As coronavirus cases continue to rise in Pennsylvania, the state’s health secretary said residents have a “collective responsibility” to contain the virus through mitigation efforts.

Dr. Rachel Levine said during a Thursday press briefing that health officials would be monitoring the “downstream impacts” of rising positive cases, like potential surges in hospitalizations, to determine if additional efforts need to be implemented.

“At this time, we have no further plans to expand into the red, yellow, green zones with that type of mitigation,” Levine said, referring to the designations counties were under during the early months of the pandemic.

Levine again urged people to forego even small gatherings, instead observing them only with people who reside in their homes.

She said she recognizes the sacrifice of foregoing holiday or birthday celebrations.

“Throughout Pennsylvania and throughout the nation, we are seeing the impact of really small gatherings … and how that contributes to the spread in families, in communities, and throughout the state,” she said. “That’s a tremendous sacrifice that we’re asking people to make but it is absolutely necessary.”

On Thursday, 2,202 additional positive cases brought the state’s total to 202,876. Forty-four newly reported deaths brought that count to 8,762.

Deaths in Washington County rose by one to 35, while Allegheny County noted five deaths, bringing its total to 416.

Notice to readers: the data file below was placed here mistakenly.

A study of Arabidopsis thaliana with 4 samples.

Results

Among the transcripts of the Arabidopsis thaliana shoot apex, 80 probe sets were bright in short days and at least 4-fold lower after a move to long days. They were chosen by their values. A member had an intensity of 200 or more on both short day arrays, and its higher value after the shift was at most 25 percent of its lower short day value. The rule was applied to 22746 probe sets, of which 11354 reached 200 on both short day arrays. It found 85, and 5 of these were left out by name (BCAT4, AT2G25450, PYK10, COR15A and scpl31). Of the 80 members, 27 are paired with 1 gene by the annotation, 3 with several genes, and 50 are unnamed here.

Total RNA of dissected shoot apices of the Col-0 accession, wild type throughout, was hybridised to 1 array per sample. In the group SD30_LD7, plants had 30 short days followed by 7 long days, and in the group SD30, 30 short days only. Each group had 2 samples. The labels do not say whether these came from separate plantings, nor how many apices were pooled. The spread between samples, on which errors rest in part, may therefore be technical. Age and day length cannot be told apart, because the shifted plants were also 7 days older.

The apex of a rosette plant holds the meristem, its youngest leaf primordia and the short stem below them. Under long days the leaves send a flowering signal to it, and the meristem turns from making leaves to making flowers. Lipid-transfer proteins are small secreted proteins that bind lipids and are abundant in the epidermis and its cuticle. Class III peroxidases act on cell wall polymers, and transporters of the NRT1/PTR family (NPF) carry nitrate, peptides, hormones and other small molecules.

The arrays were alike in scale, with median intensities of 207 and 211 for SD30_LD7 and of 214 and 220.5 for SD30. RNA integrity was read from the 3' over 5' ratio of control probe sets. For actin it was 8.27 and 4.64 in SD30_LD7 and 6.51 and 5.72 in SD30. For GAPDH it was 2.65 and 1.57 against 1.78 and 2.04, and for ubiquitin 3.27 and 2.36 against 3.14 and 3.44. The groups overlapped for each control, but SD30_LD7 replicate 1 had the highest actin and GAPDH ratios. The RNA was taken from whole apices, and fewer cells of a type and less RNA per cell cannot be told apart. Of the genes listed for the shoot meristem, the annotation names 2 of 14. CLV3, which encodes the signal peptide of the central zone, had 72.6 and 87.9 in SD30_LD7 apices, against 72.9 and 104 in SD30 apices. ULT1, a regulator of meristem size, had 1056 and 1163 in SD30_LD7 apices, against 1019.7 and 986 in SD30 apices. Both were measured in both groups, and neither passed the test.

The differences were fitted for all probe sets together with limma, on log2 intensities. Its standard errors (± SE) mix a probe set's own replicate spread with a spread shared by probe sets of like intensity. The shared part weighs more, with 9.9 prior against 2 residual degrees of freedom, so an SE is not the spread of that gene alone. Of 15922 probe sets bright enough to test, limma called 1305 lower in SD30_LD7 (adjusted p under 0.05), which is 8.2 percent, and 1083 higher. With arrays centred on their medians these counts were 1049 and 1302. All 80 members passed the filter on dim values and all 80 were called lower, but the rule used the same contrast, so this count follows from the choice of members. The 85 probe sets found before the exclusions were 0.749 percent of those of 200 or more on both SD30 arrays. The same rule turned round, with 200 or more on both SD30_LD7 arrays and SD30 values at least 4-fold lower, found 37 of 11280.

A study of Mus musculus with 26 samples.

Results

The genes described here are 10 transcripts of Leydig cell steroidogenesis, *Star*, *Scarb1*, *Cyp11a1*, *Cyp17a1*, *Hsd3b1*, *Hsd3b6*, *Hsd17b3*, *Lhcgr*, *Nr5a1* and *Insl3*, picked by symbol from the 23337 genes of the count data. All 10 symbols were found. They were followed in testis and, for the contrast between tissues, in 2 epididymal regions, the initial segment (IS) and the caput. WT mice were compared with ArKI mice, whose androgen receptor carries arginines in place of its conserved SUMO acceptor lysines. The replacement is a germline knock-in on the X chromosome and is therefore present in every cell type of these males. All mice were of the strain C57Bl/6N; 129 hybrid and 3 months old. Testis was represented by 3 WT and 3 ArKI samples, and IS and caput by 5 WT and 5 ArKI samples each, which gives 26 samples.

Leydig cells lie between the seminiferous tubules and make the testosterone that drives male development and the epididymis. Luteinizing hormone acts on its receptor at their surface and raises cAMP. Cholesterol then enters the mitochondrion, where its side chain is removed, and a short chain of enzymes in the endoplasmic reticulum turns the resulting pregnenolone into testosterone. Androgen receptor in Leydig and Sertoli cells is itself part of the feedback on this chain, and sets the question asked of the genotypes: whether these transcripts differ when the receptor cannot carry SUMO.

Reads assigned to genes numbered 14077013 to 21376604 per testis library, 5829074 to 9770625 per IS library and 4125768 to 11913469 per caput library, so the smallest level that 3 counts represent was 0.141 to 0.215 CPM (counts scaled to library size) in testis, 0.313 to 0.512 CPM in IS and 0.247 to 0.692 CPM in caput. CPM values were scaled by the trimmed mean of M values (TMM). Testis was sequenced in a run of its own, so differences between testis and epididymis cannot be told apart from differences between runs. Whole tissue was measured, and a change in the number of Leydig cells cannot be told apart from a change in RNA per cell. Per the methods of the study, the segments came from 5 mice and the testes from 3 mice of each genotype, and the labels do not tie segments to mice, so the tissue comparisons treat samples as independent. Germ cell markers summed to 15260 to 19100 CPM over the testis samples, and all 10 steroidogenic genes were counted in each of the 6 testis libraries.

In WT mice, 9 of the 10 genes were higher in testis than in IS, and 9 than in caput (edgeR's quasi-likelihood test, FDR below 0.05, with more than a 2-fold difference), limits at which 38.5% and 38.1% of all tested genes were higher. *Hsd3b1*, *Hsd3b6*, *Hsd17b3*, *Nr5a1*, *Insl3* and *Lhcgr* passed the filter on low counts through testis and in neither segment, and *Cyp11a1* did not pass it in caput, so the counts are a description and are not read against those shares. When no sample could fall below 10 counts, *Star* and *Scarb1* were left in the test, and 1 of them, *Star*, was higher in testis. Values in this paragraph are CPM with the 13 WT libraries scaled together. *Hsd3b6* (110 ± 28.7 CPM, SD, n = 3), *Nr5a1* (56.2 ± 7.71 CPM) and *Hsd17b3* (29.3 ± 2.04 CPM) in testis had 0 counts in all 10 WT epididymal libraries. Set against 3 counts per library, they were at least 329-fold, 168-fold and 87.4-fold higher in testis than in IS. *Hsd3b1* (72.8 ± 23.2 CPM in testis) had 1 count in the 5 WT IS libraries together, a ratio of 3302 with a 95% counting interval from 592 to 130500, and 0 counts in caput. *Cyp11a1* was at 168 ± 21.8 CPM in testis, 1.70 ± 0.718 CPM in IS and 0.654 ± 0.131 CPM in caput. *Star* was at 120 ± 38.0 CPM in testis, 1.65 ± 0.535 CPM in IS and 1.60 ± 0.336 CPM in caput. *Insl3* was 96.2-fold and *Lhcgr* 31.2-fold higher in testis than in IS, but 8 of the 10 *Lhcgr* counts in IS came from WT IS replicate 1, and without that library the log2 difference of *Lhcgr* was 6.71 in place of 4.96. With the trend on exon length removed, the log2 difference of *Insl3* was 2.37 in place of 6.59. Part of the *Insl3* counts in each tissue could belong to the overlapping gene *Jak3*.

No additional deaths were reported in Fayette or Greene counties.

Case counts rose in all four counties: Fayette by 16 to 1,035; Washington by 35 to 2,204; Greene by four to 244; and Allegheny by 147 to 15,449.

In Westmoreland County, where there have been outbreaks in the county jail and the Westmoreland Manor nursing home, an additional six deaths were reported. Seventy-four new positive cases brought that county’s total to 4,334.

Meanwhile, Washington County Commissioner Nick Sherman announced that he had contracted COVID-19. According to a statement he released Thursday afternoon, Sherman said he traced the infection back to a friend he saw last weekend, “and have taken appropriate steps to contact people I interacted with.”

Sherman said he had mild, flu-like symptoms and a headache, and will be working from home for the next two weeks. He said his office and meeting rooms in the county complex in Courthouse Square would be cleaned and disinfected, and staff who work for the commissioners are encouraged to be tested “for their well-being.”